Underbelly Arts Festival – Cockatoo Island

Engulfed by the subtle harrows of the ocean — unswayed by the gusting, chilled winds — stood the the majestic UNESCO National heritage listed island, by the name Cockatoo. This island stood erect with pride in the current day, still managing to maintain the essence of its penal convict establishment roots – which was now tainted with industrial motors and the convict-made docks.

No wonder, it was a perfect setting for the Underbelly Arts Festival.

Last weekend, the Underbelly Arts Festival  had lived up to their tagline, “Bold new voices in Contemporary Art,” as it gave many art enthusiasts the opportunity dabble between blurred lines of post-modern art and their multiple meanings.

What I liked about the Underbelly Arts Festival was that it had a range of mixed media artworks —  from interactive media to performance art, and more.

‘Holiday Feelings,’ by 110% was a participatory art piece that struck me the most; as an installation work exploring the relationship and the appreciation of art.  Set in an almost Utopian setting of beach recliners and calming sounds of  fountain,  this experience helped one relax from any disturbances one may encounter in our lives. Very interesting!


Another interesting yet rather idiosyncratic art piece that I encountered during my leisurely walk was the ‘Radio Impulse,’ by Pip Stafford. Described in my ultra handy program as “a copper ‘cloud’ suspended in space, gleaning electromagnetic waves turning them into sound.”  Maybe, I’m not quite as much of an open-minded art enthusiast, but all I heard from that cloud was…static.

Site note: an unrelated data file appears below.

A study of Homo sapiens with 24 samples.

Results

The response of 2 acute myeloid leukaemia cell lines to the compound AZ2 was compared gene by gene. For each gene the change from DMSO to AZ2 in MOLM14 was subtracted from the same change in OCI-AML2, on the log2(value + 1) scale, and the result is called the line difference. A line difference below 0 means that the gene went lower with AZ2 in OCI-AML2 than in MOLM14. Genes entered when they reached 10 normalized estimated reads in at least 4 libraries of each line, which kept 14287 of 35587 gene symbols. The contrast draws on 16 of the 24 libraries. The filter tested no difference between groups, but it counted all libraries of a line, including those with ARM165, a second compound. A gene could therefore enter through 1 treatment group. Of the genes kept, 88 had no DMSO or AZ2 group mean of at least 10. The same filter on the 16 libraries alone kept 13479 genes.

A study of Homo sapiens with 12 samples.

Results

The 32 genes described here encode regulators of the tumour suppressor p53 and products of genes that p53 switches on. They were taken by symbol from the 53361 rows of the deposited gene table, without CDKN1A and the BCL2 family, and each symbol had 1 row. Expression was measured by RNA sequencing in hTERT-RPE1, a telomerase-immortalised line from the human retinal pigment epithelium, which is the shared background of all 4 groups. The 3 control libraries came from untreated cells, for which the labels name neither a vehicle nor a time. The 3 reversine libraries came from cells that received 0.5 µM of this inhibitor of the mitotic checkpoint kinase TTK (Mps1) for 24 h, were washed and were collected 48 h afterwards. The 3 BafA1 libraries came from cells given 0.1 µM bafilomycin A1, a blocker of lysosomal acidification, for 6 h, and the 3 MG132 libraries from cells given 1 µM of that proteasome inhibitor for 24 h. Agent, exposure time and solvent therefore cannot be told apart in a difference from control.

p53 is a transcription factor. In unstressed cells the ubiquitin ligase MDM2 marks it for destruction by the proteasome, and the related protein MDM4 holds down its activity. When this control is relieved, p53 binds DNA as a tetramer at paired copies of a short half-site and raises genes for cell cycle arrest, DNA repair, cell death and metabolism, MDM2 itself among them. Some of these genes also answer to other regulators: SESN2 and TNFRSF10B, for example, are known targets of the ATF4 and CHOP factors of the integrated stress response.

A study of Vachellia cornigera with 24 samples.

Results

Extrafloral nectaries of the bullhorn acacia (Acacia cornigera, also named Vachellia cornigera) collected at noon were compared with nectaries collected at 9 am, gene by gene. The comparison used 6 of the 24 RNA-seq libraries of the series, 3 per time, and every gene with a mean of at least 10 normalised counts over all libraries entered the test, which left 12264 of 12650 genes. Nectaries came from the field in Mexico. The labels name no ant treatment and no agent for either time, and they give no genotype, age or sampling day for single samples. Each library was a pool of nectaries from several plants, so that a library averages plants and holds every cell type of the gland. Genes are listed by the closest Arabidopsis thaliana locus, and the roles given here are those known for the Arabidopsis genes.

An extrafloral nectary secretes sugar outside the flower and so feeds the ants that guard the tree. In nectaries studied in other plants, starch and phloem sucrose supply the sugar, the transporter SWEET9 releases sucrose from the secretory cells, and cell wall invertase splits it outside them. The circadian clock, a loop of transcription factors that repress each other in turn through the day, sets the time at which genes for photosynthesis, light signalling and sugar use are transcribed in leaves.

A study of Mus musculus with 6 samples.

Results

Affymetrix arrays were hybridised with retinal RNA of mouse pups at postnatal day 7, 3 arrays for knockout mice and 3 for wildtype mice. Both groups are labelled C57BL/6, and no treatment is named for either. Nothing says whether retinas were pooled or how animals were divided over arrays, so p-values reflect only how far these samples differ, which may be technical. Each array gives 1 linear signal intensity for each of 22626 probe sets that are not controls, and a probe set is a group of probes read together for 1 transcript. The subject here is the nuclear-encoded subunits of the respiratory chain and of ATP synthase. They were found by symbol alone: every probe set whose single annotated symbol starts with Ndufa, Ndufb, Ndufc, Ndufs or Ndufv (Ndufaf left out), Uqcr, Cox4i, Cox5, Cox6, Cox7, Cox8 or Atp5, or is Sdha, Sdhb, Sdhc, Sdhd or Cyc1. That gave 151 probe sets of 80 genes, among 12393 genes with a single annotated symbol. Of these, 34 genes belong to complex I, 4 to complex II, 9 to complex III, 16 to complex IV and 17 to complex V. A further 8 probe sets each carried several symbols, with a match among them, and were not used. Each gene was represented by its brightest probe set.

The Radio Impulse  by Pip Stafford

The Radio Impulse by Pip Stafford

With the Underbelly Arts Festival jam-packed schedule, I couldn’t get around to everything with my one day media pass, and did end up missing a few things. From ‘The Airrarium,’ by Emily Parsons-Lord — a wine-tasting experience in the different air compositions through Earth’s history, to ‘The Becalmed Heart,’ by Brienna Macnish and co — an enchanting and futuristic world made out of  plastic bags; it was a mosaic of all things contemporary and artistic.

All in all, my day-trip to the post-modernist Cockatoo Island was enchanting and insightful in every possible way.

Jenny Hu is a media student from Sydney. When she is not writing for the Plus Ones, she is listening to audiobooks and plotting her next big move in becoming a social media star. Read all her quirky yet charming articles at A Media Medley.

Find out more about the incredible Underbelly Arts, along with their future events and projects here.

Disclosure: The Plus Ones were invited guests of Underbelly Arts.